The jury was read statements from seven interviews with Shrimpton in which he claimed his intelligence credentials included helping to capture Osama Bin Laden.
Shrimpton was interviewed between April and December 2012 and made numerous claims about intelligence he had received relating to the claimed impending terrorist attack and previous cases.
He told officers he did not communicate a specific threat, but said the intelligence he had received was credible and growing.
He claimed that threats began over “internet chatter”, monitored by contacts of his who were computer scientists connected to Cambridge University, which spoke of a nuclear device being stored in London ahead of a planned attack on the 2012 Olympic Games opening ceremony in the week preceding April 19 and 20, 2012.
He said he had then undertaken a 10-day investigation, codenamed Operation Vulcan, pooling information from sources including retired intelligence agents, nuclear scientists and others with Government and high-level connections, which had “firmed up” the threats.
Shrimpton said he had previously received reports of the Iranian government planning to smuggle a South African nuclear warhead down the River Thames in a submarine.
Mr Blake told the court Shrimpton said to officers: “The Iranian threat had been a real concern but they had backed down following back channel communications to Tehran that it would spark a nuclear exchange.”
He said reports of the second threat, organised by the German secret service, Deutsches Verteidigungs Dienst (DVD) using a stolen Russian warhead, came to light in the following days. Information suggested the half-megaton weapon would kill everyone within a five-mile radius of the detonation site, thought to be in East London.
Shrimpton also claimed that DVD agents had infiltrated Thames Valley Police and his arrest had “generated a 12-hour window during which the device could be exfiltrated” from its hiding place - namely along the Blackwater Estuary in Essex and across into Germany.
Mr Blake said: “He told officers he had a small involvement in Bin Laden being taken out as he had passed on intelligence about his safe houses.”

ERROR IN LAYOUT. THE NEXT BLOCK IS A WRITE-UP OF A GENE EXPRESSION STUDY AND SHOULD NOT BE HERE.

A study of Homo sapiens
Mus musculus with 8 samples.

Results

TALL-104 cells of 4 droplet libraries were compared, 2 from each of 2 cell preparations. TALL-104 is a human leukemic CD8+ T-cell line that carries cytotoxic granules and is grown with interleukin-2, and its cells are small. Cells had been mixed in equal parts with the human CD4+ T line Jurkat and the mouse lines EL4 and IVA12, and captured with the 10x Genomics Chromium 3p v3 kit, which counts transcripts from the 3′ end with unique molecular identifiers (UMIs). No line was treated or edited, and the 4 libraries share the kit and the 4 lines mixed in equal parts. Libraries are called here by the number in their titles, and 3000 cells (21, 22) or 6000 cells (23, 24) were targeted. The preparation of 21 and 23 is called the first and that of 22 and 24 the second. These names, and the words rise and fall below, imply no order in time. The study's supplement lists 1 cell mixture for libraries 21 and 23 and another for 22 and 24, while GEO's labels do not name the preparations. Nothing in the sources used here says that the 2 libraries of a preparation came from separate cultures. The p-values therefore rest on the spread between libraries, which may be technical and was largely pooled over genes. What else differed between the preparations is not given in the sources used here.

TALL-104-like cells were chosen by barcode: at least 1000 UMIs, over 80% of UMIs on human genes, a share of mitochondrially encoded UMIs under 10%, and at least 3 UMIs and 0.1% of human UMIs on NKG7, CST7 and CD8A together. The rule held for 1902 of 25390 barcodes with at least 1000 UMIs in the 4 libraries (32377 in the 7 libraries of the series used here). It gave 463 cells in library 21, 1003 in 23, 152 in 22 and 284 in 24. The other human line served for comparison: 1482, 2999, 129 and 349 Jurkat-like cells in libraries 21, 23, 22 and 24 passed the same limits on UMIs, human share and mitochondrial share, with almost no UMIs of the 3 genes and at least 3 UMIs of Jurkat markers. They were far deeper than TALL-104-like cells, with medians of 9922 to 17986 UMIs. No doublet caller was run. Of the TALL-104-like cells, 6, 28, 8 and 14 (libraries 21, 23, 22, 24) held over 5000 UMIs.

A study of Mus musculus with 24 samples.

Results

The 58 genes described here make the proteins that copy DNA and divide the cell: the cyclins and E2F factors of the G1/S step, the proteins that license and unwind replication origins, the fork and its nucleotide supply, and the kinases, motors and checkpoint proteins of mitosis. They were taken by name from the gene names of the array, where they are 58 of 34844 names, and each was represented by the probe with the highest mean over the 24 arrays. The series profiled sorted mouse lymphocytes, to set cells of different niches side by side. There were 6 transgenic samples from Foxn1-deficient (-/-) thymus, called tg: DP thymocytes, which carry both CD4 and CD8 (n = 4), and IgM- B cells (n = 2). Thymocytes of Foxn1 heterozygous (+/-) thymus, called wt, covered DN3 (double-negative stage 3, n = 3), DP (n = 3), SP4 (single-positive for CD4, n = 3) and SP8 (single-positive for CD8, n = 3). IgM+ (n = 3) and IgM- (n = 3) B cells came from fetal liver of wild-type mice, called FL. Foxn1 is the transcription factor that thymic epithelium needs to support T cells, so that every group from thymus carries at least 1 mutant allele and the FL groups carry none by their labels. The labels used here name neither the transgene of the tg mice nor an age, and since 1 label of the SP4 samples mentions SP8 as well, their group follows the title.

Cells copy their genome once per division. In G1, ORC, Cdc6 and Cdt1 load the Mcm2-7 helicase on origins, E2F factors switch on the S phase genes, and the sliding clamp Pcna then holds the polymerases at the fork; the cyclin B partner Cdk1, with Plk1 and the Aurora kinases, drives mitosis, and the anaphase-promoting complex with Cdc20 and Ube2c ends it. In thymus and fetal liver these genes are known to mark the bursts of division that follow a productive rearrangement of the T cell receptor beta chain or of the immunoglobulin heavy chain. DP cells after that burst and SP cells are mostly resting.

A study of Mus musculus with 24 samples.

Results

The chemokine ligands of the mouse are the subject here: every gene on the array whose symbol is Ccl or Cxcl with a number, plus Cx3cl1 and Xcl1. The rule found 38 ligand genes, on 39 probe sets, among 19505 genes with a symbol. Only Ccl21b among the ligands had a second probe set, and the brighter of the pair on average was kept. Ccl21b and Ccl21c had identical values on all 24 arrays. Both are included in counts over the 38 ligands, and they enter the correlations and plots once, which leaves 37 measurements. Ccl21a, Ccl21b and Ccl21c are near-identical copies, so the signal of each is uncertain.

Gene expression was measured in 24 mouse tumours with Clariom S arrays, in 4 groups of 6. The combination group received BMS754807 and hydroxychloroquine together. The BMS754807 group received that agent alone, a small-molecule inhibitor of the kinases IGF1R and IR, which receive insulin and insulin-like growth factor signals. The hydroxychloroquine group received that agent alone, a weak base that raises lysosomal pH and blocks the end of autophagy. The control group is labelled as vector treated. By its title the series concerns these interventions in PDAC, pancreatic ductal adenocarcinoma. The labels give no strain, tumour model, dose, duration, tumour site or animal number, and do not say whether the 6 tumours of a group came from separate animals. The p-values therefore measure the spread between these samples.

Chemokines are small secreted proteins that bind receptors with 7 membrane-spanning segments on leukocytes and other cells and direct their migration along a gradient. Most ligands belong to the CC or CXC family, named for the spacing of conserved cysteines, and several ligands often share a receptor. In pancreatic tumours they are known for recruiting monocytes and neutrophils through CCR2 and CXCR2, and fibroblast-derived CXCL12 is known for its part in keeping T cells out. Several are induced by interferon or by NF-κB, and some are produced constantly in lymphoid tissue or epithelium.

The court heard evidence from Andrew Todd, security liaison officer at Buckingham Palace, who said Shrimpton had written to the palace on April 23, following his arrest.
The letter, purporting to be from a solicitor but in fact written by a legal charity and addressed to the chief constable of Thames Valley Police, the Ministry of Defence, the Kremlin and National Security Association, said The Queen was no longer under threat and the device may have been moved to Ground Zero in Manhattan.
Mr Todd said he had passed the letter on to the confidential inquiries team at Buckingham Palace but had not taken the threats seriously due to Shrimpton’s manner.
He revealed that a search of the Palace’s correspondence database showed Shrimpton had also contacted officials about the disappearance of Madeleine McCann.
Paul Farmey, who worked at New Scotland Yard’s Olympic Intelligence Centre, said a search of the Metropolitan Police’s open-source intelligence database revealed no reports of terrorist threats in April 2012.
Shrimpton argued that a Google search about terror attacks at the London Olympics gave more than four million results.
He said both Mr Todd and Mr Farmey had no international intelligence experience and said contacts in his address and phone books showed he was in connection with high-ranking officials at Buckingham Palace in the past.